News / Africa

Sudan's South Faces Economic Challenges Ahead

Southern army officers in Northern Bahr el Ghazal state in Sudan, peer into a bomb crater created from one of the bombs dropped by the northern Sudanese army on a southern army base in the disputed border zone of Kiir Adem, where Southern Sudan meets Darf
Southern army officers in Northern Bahr el Ghazal state in Sudan, peer into a bomb crater created from one of the bombs dropped by the northern Sudanese army on a southern army base in the disputed border zone of Kiir Adem, where Southern Sudan meets Darf


Six years after the end of Sudan's civil war, development has been slow in the south.  The southern government started receiving oil revenues in 2005, but has been forced to spend the money to keep the peace in the south.

According to Abdon Agau, the head of the southern government's civil service, the southern government has focused on keeping the peace in the south.  There is a long list of disgruntled former southern rebels who have turned against the southern ruling party. They have often spearheaded their own military campaigns against the government in the semi-autonomous south.

"In order for peace itself to be maintained the government has always said it is necessary to address political problems and pay for those solutions," said Agau.

According to Agau, investments in infrastructure and services have suffered because of the focus on ensuring political stability.  The most well-known example of the southern government paying for peace is the 2006 Juba peace agreement.

Shortly after the end of Sudan's 21-year civil war, the Sudan People's Liberation Movement came into power in the semi-autonomous south.  The SPLM is made up of many of the rebel army's leaders.

One of the SPLM's earliest achievements was bringing back into the army a handful of militias and breakaway factions through the Juba agreement.  Agau says it was a huge step towards the creation of a stable south.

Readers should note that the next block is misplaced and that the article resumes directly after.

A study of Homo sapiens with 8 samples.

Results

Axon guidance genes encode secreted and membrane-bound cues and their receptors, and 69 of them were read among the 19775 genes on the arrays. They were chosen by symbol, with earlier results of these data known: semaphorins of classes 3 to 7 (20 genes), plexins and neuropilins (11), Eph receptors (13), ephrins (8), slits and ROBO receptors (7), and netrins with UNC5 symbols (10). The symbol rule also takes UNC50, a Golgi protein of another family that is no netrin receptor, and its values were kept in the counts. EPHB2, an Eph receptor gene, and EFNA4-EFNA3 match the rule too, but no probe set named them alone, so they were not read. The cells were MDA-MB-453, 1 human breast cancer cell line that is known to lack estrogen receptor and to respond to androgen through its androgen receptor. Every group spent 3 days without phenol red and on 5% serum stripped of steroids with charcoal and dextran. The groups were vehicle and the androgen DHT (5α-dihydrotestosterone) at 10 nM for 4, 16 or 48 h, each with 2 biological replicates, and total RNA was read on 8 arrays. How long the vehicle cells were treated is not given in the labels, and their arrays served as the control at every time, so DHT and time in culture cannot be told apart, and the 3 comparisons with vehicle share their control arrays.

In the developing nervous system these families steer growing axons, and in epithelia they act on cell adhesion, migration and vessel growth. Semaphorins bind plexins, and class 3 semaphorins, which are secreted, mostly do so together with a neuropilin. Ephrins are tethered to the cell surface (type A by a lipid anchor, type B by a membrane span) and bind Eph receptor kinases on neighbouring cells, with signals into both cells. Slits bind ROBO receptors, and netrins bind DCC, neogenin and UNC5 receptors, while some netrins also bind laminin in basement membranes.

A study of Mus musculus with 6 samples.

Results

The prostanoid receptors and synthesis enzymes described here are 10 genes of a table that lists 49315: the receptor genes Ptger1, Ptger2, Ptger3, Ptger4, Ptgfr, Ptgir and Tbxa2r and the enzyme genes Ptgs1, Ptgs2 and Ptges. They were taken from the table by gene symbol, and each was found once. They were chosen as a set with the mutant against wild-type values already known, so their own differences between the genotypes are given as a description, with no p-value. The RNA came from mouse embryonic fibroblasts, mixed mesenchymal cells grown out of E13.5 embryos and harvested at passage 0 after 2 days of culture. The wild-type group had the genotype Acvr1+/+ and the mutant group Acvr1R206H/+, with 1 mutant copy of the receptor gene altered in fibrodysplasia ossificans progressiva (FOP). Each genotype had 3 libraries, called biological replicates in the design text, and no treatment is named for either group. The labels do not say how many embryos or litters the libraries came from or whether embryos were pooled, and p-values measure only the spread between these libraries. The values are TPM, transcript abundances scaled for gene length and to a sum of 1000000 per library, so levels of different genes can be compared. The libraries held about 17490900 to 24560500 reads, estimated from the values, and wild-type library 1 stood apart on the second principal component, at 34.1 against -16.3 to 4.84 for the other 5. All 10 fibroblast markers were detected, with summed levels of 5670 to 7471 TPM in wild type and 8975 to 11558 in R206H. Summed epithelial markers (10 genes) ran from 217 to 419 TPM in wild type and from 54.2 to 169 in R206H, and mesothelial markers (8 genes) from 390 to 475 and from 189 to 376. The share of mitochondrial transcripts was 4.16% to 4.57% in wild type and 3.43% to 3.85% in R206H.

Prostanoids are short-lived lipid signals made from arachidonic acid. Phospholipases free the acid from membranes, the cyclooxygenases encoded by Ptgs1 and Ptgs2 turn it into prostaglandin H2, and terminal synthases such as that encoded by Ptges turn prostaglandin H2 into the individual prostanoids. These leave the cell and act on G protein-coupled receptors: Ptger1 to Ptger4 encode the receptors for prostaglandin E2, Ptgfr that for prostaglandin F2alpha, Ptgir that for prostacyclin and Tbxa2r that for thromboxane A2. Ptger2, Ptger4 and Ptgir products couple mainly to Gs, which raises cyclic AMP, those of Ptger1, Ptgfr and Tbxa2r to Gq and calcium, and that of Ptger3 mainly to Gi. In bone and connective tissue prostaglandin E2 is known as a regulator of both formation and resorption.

"It will account for our ability to resist any attempts to derail Southern Sudan," said Agau.

It also drastically increased the size of the southern army.

According to a report from the Geneva-based Small Arms Survey, as many as 50,000 soldiers were added to the army's payroll. Almost a quarter of the government's budget in 2010, around $440 million, went to the army.  Nothing comes even close to what was budgeted for the army.

The April general elections in Sudan, which were deeply flawed, led to a number of new rebellions in the south.  The southern government responded by offering amnesty to the participants and accepting the soldiers back into the army.

Most accepted, though forces loyal to George Athor, allegedly ambushed southern soldiers in Jonglei state on Saturday, killing 20.

Despite what happened after the last election, Agau says the south will enjoy stability after its likely independence because it will be a democracy.

"We have over 20 political parties in Southern Sudan.  Each of these parties will struggle to win the support of the people of Southern Sudan and rule Southern Sudan," added Agau.

Southerners are expected to vote overwhelmingly in favor of independence in a January 9 referendum.  Leaders in the south will then meet to draft a new constitution and schedule elections.  If they vote to separate from the north, independence is scheduled to go into effect on July 9, 2011.